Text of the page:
About Rhodes

About Rhodes Island

Of all the Greek islands Rhodes is possibly the most blessed… by the Gods with its rich mythology and history and by nature with its outstanding natural beauty, bathed in sunlight and washed by crystal clear waters.

The island of Rhodes is the capital of the Dodecanese group which includes some 200 smaller islands situated to the southeast of mainland Greece, very close to the coast of Turkey. Its location, at the crossroads of three continents, Europe, Asia and Africa, has played a vital role in its economic and cultural development over the ages, its action-packed history proof of Rhodes’ importance since prehistoric times.

Its history, however, goes back beyond any known archives, back to a time of gods and goddesses, giants and nymphs.

Mythology has it that when Zeus took over the Olympus throne he decided to divide the earth up amongst the other gods. Helios, the sun god, was forgotten and later a distraught Zeus asked what he could do to make up for his omission. The Sun God apparently knew of an island just emerging off the coast of Asia Minor that would suit him fine. Zeus gave it to him and Helios found his new home which he has bathed in sunlight ever since!

Rhodes written history is so long, so rich and intriguing that it is difficult to imagine such a relaxed and stunning place being the site of centuries of wars and bloody battles.

The island has been sought after, fought over, wrecked and rebuilt by many tribes, plundering pirates, exceptional fighters, and a host of different nationalities who feature in a tale of intrigue, adventure and heroism.

Rhodes boasted one of the seven wonders of the ancient world. Its gigantic Colossus, symbol for the island, was built in celebration of the locals’ victory after a particularly difficult battle against the mighty Besieger Dimitrios. The statue, dedicated to the Sun God, was the work of the famous Lindian sculptor Chares. It was considered a constructural and artistic masterpiece that took 12 years to complete. Very few details, however, remain of its location and form. An inscription tells us that it stood some 31m; its exact location is not known but many have the huge statue straddling the entrance to Rhodes’ Mandrake harbour.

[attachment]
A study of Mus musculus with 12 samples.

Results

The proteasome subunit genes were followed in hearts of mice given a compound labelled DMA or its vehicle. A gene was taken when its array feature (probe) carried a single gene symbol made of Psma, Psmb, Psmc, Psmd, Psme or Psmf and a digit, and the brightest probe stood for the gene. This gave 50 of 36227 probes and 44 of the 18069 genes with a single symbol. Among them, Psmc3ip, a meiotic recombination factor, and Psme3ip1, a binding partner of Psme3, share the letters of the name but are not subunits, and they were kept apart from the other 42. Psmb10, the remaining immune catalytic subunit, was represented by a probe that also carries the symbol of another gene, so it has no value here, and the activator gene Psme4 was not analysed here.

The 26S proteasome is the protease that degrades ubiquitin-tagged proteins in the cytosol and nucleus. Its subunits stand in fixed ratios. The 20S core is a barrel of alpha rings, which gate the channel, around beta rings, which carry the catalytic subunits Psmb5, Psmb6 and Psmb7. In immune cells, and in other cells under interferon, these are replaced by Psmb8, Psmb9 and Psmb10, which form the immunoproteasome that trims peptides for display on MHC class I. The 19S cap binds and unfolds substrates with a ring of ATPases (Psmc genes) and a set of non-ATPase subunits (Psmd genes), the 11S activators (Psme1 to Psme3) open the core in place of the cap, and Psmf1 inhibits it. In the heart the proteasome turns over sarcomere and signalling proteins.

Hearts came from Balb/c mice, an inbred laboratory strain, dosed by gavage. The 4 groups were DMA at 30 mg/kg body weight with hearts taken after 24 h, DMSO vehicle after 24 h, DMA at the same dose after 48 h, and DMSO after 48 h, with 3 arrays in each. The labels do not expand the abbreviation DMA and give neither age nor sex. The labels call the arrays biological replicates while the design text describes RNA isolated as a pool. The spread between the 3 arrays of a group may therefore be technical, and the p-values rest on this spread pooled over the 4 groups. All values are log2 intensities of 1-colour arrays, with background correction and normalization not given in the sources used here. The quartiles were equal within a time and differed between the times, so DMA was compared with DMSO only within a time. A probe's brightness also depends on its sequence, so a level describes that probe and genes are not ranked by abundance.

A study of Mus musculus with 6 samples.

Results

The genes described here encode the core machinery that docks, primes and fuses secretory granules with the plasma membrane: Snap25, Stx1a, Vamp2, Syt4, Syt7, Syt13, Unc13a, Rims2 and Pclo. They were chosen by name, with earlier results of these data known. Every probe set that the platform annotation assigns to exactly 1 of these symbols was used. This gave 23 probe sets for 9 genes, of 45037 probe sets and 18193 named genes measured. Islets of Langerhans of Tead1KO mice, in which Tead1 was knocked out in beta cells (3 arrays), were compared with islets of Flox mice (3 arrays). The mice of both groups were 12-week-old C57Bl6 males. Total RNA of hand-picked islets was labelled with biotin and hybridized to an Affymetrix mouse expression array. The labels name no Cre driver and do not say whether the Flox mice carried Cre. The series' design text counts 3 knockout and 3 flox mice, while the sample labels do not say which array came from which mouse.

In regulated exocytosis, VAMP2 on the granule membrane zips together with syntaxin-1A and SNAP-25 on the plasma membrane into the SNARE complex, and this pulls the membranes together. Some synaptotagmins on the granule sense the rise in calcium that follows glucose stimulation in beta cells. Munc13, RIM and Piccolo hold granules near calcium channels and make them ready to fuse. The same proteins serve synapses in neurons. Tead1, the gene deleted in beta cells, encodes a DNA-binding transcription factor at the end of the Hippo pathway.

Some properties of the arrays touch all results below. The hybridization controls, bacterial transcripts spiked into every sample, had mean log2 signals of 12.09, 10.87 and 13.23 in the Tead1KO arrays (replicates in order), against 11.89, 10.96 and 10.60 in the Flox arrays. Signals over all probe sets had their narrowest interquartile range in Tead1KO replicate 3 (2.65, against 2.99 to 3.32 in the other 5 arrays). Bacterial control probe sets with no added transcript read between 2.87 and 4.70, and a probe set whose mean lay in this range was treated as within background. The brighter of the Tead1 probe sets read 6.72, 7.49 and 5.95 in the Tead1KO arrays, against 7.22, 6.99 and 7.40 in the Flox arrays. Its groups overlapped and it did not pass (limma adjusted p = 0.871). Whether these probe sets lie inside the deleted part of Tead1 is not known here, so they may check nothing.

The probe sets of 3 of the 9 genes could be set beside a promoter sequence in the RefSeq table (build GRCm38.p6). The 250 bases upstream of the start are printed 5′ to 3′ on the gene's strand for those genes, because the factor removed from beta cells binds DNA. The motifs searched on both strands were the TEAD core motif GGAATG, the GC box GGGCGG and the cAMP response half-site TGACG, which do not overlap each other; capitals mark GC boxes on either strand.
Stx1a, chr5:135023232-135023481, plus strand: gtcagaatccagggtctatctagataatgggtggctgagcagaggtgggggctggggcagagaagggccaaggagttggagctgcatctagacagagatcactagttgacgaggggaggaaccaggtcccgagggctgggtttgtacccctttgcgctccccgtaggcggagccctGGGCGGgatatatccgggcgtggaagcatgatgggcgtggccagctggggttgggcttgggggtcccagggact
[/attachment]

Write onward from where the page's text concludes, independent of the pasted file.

The Colossus stood for 60 years, falling to a devastating earthquake in 226BC. Legend has it that Helios had never liked the statue and forbade any attempt at its restoration. The Rhodians, fearing the wrath of the gods, made no attempt to rebuild it and the Colossus lay in ruins for 900 years until Arab pirates seized Rhodes in 653. They hauled the broken pieces off for sale to a Jewish merchant and the Colossus was lost forever!

Rhodes is no newcomer to tourism. Its name is known and recognized worldwide with tourist services and facilities of international standards. Besides its natural beauties the island boasts many outstanding archaeological sites, the Lindos acropolis, Ancient Kamiros, castles, monasteries, museums, traditional buildings and villages.

Rhodes Town

Rhodes town, the dazzling capital of Rhodes Island, is a modern cosmopolitan centre that attracts thousands of foreign visitors every year.

The town has it all – a combination of old and new in a picture book setting, sunshine and cloudless skies all summer, stunning beaches and crystal clear water, first class tourist services and facilities, and a story that goes way back….

Its walled medieval town (Palia Poli in Greek), a World Heritage town with stunning palace and Street of the Knights, tempting tourist shops set along cobbled streets, is a living monument to the island’s past. This town within a town is unique and has an atmosphere all of its own.

The glory of ancient Rhodes can be found in the timeless setting beyond the stone walls where the remains of the Rhodes acropolis and its fine stadium have their own tales to tell.

Rhodes offers a staggering range of shops to tempt its visitors and suit everyone’s tastes and wallets ands. The choice of coffee shops, tavernas and restaurants is just as varied with Greek and international restaurants, fish tavernas, ouzerias and fast food all available.

There is however something else that sets Rhodes apart from the other islands. It has something to do with its tourist industry and its cosmopolitan nature but also has much to do with its locals and their way of life. Its present day population and young Rhodians represent a multi lingual melting pot of nationalities, cultures and ideas, a blend of old and new. The island has maintained its traditions and customs, it has kept its roots but it is always looking forward.

Rhodes welcomes thousands of holidaymakers every year and many areas of the island have developed and changed through tourism. The Rhodian heart however remains the same.

There is simply no other place like it!